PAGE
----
PEACE deals struck between Israel and the Gulf nations could decimate Iran’s economy, a researcher has told Redaction Politics.
Having brokered a deal between Bahrain and Israel last Tuesday, US President Donald Trump said: “After decades of division and conflict we mark the dawn of a new Middle East.
“We’re here this afternoon to change the course of history.”
To some observers, it may seem Trump’s Middle East peace plan is finally coming to fruition, especially after the debacle that was the ‘Deal of the Century’.
However, so-called peace deals between Israel and the Gulf Nations don’t necessarily reduce tensions in the Middle East, but unite the three parties against a common enemy – Iran.
Researcher Nazanin Zarepour of the University of Toronto said: “Any attempt to forge links between the allies of the ‘liberal-democratic’ axis evidently suffocates Iran which is a crucial part of the counterforce of the ‘Axis of Resistance.’
“This, in fact, is not even a matter of conjecture. Israeli leaders themselves are seeing as this as an affront to Iran, with Israel’s MP stating that the “peace deal is the new front against Iran.”
“Similarly, Brian Hook, the Former U.S. Special Representative for Iran has stated that “the future is very much in the Gulf and with Israel, and the past is with the Iranian regime.”
Predictably, Iran have viewed both the UAE and Bahrain deals with great suspicion. President Hassan Rouhani has said both nations will face “consequences” for ratifying the agreements.
Miss Zarepour continued: “Despite the UAE claiming that the deal was not meant to be an affront to Iran, it is evident, with both the claims of the Israel and the United States, that this move was an attempt to weaken Iran’s position in the region considerably.
“While the interests of Israel and the US are clear, the motives of the UAE are blurry. This peace deal could perhaps be a strategic response to their own dire economic circumstances, with the UAE recently entering the debt market with a 50-year bond.”
It is important to note that the UAE, specifically Dubai, and Iran have shared reasonably deep economic ties over the past few decades.
To many, the former has been a rare economic hub for an ailing Iranian economy damaged by sanctions. However, the peace deal could, ironically, drive the two nations further apart.
“Given Iran’s economic isolation as a result of sanctions (particularly from the United States), Dubai has served as an important centre for trade and banking for Iran,” Miss Zarepour told Redaction Politics.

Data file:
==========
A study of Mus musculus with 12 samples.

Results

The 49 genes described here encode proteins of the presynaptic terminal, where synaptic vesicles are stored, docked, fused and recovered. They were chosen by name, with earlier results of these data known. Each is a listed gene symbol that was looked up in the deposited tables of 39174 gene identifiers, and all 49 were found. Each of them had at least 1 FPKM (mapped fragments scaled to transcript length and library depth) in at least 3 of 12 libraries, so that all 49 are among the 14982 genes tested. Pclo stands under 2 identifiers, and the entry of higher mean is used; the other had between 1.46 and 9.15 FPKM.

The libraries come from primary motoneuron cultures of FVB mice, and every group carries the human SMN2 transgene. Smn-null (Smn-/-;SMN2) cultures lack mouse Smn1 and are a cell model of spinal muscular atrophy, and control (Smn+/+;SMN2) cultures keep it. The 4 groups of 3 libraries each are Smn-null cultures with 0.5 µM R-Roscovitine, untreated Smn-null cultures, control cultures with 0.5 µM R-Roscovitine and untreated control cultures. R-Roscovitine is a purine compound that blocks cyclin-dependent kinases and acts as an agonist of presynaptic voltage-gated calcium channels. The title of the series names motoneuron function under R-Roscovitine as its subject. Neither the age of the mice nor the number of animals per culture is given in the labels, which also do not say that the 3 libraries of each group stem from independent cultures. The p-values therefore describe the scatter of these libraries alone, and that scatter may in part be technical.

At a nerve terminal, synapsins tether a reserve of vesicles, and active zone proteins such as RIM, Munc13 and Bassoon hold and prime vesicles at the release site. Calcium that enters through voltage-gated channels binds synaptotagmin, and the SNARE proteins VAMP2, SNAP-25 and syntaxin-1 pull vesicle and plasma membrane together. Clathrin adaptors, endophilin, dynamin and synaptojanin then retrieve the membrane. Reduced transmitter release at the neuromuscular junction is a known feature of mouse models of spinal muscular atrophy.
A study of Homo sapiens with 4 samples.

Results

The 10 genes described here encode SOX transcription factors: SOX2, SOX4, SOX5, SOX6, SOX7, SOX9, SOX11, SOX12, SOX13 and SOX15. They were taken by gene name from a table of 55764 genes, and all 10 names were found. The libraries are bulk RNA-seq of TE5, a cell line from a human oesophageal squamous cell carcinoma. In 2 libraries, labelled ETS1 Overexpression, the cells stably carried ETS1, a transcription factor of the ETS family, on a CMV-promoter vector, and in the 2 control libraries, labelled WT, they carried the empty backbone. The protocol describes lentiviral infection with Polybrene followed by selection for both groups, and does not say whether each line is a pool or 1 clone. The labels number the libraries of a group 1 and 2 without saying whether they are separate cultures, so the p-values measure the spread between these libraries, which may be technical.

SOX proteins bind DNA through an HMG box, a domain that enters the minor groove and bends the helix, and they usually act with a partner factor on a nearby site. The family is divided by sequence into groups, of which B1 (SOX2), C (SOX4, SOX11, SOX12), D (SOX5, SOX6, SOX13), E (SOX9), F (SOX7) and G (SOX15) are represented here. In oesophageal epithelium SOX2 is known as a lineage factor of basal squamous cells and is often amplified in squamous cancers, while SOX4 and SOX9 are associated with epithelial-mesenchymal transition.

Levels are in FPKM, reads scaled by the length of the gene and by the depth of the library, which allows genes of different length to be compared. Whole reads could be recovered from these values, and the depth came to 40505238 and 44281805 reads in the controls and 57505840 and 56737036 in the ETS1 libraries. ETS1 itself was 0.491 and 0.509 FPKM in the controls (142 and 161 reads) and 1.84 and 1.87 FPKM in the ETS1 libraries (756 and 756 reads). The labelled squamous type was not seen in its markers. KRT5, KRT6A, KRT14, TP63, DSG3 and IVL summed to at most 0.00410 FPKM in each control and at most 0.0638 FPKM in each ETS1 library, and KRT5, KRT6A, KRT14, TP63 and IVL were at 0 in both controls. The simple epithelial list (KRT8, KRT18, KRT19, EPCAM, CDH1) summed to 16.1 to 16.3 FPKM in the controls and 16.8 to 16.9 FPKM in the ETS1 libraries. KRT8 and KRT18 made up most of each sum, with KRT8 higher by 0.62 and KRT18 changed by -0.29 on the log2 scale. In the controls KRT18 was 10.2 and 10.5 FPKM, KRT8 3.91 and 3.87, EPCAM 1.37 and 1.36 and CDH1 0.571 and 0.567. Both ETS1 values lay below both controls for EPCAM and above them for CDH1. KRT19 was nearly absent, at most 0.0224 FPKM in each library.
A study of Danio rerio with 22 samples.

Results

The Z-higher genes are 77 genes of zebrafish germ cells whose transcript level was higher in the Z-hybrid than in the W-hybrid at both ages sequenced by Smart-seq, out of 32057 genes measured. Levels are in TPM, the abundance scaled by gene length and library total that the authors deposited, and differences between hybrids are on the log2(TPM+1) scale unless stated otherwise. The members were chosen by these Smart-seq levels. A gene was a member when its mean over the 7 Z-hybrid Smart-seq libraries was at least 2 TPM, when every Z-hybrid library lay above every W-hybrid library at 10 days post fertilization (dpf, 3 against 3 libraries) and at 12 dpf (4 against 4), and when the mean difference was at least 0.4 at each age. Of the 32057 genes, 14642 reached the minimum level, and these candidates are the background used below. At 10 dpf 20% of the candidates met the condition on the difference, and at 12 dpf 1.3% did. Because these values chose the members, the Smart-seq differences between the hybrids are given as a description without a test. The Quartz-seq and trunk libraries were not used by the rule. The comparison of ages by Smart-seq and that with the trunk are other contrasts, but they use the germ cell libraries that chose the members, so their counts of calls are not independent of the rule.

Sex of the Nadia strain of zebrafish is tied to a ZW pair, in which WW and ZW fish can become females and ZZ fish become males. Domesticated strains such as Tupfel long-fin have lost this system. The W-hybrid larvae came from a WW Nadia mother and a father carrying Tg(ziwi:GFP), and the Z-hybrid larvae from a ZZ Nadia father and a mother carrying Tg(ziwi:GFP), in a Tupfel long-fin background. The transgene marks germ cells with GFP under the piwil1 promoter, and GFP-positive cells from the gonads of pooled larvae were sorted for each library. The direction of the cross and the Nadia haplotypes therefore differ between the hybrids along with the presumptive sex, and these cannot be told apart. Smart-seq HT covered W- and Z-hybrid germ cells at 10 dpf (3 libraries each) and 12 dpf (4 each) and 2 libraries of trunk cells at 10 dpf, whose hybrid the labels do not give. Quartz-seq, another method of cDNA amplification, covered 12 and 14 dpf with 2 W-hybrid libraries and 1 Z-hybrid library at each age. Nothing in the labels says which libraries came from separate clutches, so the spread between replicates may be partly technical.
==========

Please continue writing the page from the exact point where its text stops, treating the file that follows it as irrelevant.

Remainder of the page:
“Iranian banks such as Melli and Saderat which have typically been blacklisted by US sanctions have been able to operate with moderate success out of Dubai.
“However, this relationship has been threatened for the past few years, with US sanctions pressuring Dubai to cut ties with Iran. Evidently, the deal with Israel can only make such tension stronger and can potentially lead to further economic isolation.
“Despite such warming up to the “liberal-democratic” order in the past, the UAE—and especially Dubai—nonetheless offered a haven for Iranian trade and banking in the face of sanctions.”
The UAE could, then, be self-sabotaging its own economy by cutting ties with Iran – but neither nation, at least internally, will want this.
It opens up the remarkable possibility that they will continue their economic relationship under the radar, the reseacher claimed.
Miss Zarepour said: “It is, in the face of debt and insecurity, in the UAE’s strategic interest to balance the interests of both axes.
“Thus, it is likely that such a strategic relationship between Iran and the UAE will persist—one which is outwardly hostile but quietly economically cooperative.
“The relationship is evidently subject to future fluctuation, not dissimilar to Qatar’s change in relationship with Iran in the wake of the diplomatic crisis of 2017.
“Though the deal may be cited as a clear move by the UAE, its potential aftermath is beyond prediction.”
Nazanin Zarepour is a graduate student and researcher at the University of Toronto. She is Editor-in-Chief of the Journal of Near and Middle Eastern Civilizations at the University of Toronto, with the twelfth edition available here.